With the presidential election 17 months out, it may seem a little early to be paying a lot of attention to the horse race polls. But Super Tuesday is 8 and 1/2 months away, and that seems a good time to begin monitoring the Democratic polls. To put the polls in perspective, start with Chris Bowers' post, "Inflated Clinton Poll Theory: Prudence Sets In" at MyDD. Bowers argues that averaging polls gives the best snapshot:

With so many polls, it just seems unlikely to me that one extreme Clinton-Obama margin or the other is absolutely correct, or that one methodology or the other is absolutely correct. When has there ever been a large, hidden vote out that that most pollsters were missing? Outside of the Iowa caucuses and post-Katrina New Orleans, the answer over the last thirty years has been "basically never." These days, the worst-case scenario is for poll averages to be about six points off the final margin, which isn't that bad and can be accounted for in margin of error and turnout programs.

...At this point, with so many different polls floating around, with so many different methodologies, with about half of the primary and caucus electorate not even paying "somewhat" close attention, and with an ever-changing and developing campaign, the simple fact is that widely varying results among polls is unavoidable...

Average the polls--all of the polls--and don't dismiss any of them just because they seem odd or you don't like the results for your candidate. Right now, that would indicate that Clinton is probably up by 10-12 points. And so she probably is. However, as the differences between the varying polls shows, there is still a lot of movement left in this electorate. It ain't over until February 6th.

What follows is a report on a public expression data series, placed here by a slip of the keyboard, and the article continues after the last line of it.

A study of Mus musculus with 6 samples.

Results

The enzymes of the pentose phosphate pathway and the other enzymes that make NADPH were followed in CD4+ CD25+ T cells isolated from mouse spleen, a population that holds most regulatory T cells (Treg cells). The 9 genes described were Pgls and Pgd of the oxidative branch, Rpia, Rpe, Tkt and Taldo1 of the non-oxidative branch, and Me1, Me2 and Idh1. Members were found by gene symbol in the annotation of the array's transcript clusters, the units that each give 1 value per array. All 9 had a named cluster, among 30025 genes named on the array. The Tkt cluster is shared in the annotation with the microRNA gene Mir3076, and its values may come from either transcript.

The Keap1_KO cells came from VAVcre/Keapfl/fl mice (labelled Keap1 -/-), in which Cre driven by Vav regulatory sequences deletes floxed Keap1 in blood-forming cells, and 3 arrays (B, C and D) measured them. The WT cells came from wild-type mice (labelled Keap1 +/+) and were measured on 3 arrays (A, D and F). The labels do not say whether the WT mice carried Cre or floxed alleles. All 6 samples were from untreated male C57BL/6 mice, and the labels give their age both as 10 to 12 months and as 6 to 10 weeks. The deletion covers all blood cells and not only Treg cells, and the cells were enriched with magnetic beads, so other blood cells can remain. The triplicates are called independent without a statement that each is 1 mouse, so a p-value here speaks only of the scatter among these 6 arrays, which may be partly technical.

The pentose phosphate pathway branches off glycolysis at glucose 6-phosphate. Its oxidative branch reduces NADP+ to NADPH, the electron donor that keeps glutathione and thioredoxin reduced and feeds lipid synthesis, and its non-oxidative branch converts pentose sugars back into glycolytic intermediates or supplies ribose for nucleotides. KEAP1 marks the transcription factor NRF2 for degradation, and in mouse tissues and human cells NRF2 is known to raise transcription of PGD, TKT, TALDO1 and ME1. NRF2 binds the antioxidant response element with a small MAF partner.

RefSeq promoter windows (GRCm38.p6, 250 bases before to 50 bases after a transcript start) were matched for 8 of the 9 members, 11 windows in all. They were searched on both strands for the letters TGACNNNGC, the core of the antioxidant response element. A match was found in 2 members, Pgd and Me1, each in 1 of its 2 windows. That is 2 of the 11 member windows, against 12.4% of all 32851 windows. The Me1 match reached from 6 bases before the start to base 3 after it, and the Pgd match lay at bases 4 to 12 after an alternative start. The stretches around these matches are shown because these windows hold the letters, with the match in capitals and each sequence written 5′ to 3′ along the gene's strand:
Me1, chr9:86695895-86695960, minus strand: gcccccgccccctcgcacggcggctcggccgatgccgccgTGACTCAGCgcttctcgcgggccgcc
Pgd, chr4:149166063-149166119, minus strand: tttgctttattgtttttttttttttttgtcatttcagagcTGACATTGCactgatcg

In his previous post Bowers discussed some of the problems with the most recent polls, noting:

Could the difference be social pressure, where Democrats don't tell live-interviewers that they are currently leaning against Clinton? Rasmussen's numbers consistently back up that theory, but those produced by Harris do not. Could it be that traditional live-interview polls and newer polling methodologies sample different universes of voters, thus producing different results? Possibly, but even if that is the case, it is extremely difficult to say which group of polls is sampling a more representative universe right now, both because we don't know who will vote in the 2008 primaries and because few polling firms release comprehensive crosstabs and methodologies. Could it simply be that when it comes to the 2008 Democratic nomination, live-interview polls are growing less useful due to the rising wireless-only population and social pressure, or that newer techniques are not yet able to achieve the same level of accuracy as traditional methods? Both are possible, but neither can be confirmed at this time.

The rapid increase in wireless only voters does present an interesting challenge to pollsters. Pollster.com's Mark Blumenthal sheds some fresh light on the problem here.